Among the clans of the Scottish/English Borderlands, the Strathclyde Britons were the first to use the name MacCouloh. It is derived from the Gaelic personal name Cullach, meaning boar.

MacCouloh Early Origins



The surname MacCouloh was first found in Wigtownshire (Gaelic: Siorrachd Bhaile na h-Uige), formerly a county in southwestern Scotland, now part of the Council Area of Dumfries and Galloway where one of the first on record was Andrew MacCulloch who served King William the Lion of Scotland and received the lands of Myretoun (now Monreith near Whitehorn in Wigtown). However ancient records show the Clan as being mentioned in the year 743 in that area.






Medieval Scottish names are rife with spelling variations. This is due to the fact that scribes in that era spelled according to the sound of words, rather than any set of rules. MacCouloh has been spelled MacCulloch, MacCullagh, MacCully, MacCullough, MacCulley, MacCullaugh, MacCullock, MacCullie, MacLulich and many more.






This web page shows only a small excerpt of our MacCouloh research. Another 151 words (11 lines of text) covering the years 1296, 1354, 1640, 1697, 1470 and are included under the topic Early MacCouloh History in all our PDF Extended History products and printed products wherever possible.






Notable amongst the family at this time was Sir Godfrey McCulloch, 2nd Baronet of Mertoun (c.1640-1697), a Scottish politician executed for the murder of William Gordon who died from a shot in the leg, partly as a result of a long-standing feud. Following the execution, much of his family emigrated to...

Another 53 words (4 lines of text) are included under the topic Early MacCouloh Notables in all our PDF Extended History products and printed products wherever possible.






Some of the MacCouloh family moved to Ireland, but this topic is not covered in this excerpt. Another 107 words (8 lines of text) about their life in Ireland is included in all our PDF Extended History products and printed products wherever possible.






Many Scots were left with few options other than to leave their homeland for the colonies across the Atlantic. Some of these families fought to defend their newfound freedom in the American War of Independence. Others went north to Canada as United Empire Loyalists. The ancestors of all of these families have recently been able to rediscover their roots through Clan societies and other Scottish organizations. Among them: Robert MacCullaugh who settled in Jamaica in 1716; John and Jane MacCulloch settled in Charles Town in 1762; Barbara and Hugh MacCullock settled in Maryland in 1774.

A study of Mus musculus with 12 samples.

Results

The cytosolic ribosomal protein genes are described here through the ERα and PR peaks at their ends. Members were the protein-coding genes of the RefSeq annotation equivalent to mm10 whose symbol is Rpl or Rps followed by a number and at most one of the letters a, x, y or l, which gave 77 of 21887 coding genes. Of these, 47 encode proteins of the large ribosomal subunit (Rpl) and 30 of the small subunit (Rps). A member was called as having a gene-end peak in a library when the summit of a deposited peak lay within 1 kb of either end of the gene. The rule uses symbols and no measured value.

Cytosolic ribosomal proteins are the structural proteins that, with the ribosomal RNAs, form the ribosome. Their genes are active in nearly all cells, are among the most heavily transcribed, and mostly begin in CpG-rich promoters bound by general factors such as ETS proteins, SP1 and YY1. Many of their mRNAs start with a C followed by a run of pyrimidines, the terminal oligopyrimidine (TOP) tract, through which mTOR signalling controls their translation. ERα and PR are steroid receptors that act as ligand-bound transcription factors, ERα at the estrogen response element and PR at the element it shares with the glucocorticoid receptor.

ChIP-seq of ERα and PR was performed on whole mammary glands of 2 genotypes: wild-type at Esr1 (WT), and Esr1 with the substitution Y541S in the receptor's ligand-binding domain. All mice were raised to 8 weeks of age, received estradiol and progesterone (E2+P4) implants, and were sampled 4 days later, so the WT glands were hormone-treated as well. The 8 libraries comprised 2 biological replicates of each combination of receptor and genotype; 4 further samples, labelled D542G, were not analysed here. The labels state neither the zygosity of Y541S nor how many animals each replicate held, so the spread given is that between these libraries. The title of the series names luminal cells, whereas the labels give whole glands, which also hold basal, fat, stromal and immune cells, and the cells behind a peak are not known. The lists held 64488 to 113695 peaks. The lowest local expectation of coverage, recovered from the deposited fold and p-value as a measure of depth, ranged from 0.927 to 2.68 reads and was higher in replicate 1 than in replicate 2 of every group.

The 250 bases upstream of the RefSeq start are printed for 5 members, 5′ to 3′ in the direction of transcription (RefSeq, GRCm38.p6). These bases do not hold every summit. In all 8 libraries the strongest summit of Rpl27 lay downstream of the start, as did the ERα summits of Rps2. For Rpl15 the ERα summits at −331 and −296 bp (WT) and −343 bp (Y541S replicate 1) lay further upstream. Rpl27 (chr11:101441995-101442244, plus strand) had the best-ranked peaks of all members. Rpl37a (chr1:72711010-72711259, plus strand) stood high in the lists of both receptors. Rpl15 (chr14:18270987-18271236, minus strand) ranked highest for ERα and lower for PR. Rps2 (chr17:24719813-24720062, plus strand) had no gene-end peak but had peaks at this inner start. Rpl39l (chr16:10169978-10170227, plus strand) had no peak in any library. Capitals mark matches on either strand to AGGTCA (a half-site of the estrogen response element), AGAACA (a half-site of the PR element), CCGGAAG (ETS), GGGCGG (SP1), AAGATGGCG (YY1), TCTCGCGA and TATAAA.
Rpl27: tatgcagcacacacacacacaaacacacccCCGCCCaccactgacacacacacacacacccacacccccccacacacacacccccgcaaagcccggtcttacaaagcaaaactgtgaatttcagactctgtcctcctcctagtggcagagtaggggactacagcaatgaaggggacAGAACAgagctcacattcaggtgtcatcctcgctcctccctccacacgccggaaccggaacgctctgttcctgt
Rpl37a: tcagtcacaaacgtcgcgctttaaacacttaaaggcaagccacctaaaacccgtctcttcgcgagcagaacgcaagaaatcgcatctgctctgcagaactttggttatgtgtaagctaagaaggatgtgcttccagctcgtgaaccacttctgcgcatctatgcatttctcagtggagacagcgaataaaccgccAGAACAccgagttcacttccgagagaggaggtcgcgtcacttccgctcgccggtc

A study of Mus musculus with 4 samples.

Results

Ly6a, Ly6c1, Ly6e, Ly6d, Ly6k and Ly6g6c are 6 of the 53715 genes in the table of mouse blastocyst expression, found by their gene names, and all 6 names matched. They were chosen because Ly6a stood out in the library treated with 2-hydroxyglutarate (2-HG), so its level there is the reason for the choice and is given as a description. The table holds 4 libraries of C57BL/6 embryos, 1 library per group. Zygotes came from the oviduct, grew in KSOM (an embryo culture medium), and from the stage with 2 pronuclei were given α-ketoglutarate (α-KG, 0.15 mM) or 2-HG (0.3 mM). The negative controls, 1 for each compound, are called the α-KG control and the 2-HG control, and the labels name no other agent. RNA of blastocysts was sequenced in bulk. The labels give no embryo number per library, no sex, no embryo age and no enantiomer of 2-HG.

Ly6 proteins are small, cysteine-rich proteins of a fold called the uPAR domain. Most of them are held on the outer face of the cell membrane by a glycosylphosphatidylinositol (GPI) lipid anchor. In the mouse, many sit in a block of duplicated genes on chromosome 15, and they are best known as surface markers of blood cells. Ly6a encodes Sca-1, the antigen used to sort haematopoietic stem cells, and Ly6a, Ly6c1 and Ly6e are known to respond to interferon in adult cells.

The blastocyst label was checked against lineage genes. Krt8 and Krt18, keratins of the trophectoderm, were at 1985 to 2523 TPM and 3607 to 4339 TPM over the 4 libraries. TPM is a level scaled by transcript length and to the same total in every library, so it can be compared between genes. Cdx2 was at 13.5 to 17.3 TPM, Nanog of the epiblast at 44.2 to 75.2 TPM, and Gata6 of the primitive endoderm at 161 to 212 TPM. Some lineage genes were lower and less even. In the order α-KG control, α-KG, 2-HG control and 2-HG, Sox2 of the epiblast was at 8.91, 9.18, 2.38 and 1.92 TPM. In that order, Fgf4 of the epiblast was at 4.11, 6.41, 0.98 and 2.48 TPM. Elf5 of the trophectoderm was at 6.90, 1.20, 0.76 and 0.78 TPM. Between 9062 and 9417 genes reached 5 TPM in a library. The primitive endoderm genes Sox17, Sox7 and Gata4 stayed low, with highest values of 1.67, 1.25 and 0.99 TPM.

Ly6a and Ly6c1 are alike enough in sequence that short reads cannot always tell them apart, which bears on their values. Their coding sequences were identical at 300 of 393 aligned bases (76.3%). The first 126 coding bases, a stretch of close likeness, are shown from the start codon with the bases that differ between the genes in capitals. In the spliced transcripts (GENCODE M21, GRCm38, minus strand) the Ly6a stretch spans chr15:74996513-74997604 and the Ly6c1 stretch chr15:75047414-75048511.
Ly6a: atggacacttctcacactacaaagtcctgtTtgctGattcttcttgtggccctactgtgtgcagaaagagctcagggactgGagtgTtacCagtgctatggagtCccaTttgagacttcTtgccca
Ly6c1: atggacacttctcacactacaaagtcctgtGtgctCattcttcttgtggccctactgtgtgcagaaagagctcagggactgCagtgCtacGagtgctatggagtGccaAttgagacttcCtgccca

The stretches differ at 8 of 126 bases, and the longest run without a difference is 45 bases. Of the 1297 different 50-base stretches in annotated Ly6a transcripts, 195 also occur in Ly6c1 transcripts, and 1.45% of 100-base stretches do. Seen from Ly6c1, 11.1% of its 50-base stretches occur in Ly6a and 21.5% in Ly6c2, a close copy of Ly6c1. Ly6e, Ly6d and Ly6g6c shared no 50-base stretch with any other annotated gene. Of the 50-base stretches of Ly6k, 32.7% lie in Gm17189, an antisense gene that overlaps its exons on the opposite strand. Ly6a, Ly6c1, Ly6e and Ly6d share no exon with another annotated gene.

The motto was originally a war cry or slogan. Mottoes first began to be shown with arms in the 14th and 15th centuries, but were not in general use until the 17th century. Thus the oldest coats of arms generally do not include a motto. Mottoes seldom form part of the grant of arms: Under most heraldic authorities, a motto is an optional component of the coat of arms, and can be added to or changed at will; many families have chosen not to display a motto.

Motto: Vi et animo
Motto Translation: By strength and courage.



















    Other References

    1. Martine, Roddy, Roderick Martine and Don Pottinger. Scottish Clan and Family Names Their Arms, Origins and Tartans. Edinburgh: Mainstream, 1992. Print.
    2. Chadwick, Nora Kershaw and J.X.W.P Corcoran. The Celts. London: Penguin, 1970. Print. (ISBN 0140212116).
    3. Papworth, J.W and A.W Morant. Ordinary of British Armorials. London: T.Richards, 1874. Print.
    4. Robb H. Amanda and Andrew Chesler. Encyclopedia of American Family Names. New York: Haper Collins, 1995. Print. (ISBN 0-06-270075-8).
    5. Browning, Charles H. Americans of Royal Descent. Baltimore: Genealogical Publishing. Print.
    6. Passenger Lists of Vessels Arriving at Galveston Texas 1896-1951. National Archives Washington DC. Print.
    7. Barrow, G.W.S Ed. The Charters of David I The Written Acts of David I King of Scots, 1124-53 and of His Son Henry, Earl of Northumerland, 1139-52. Woodbridge: The Boydell Press, 1999. Print.
    8. Moncrieffe, Sir Ian of That Ilk and Don Pottinger. Clan Map Scotland of Old. Edinburgh: Bartholomew and Son, 1983. Print.
    9. Browne, James. The History of Scotland it's Highlands, Regiments and Clans 8 Volumes. Edinburgh: Francis A Niccolls & Co, 1909. Print.
    10. Prebble, John. The Highland Clearances. London: Secker & Warburg, 1963. Print.
    11. ...

    The MacCouloh Family Crest was acquired from the Houseofnames.com archives. The MacCouloh Family Crest was drawn according to heraldic standards based on published blazons. We generally include the oldest published family crest once associated with each surname.

    This page was last modified on 1 August 2013 at 08:57.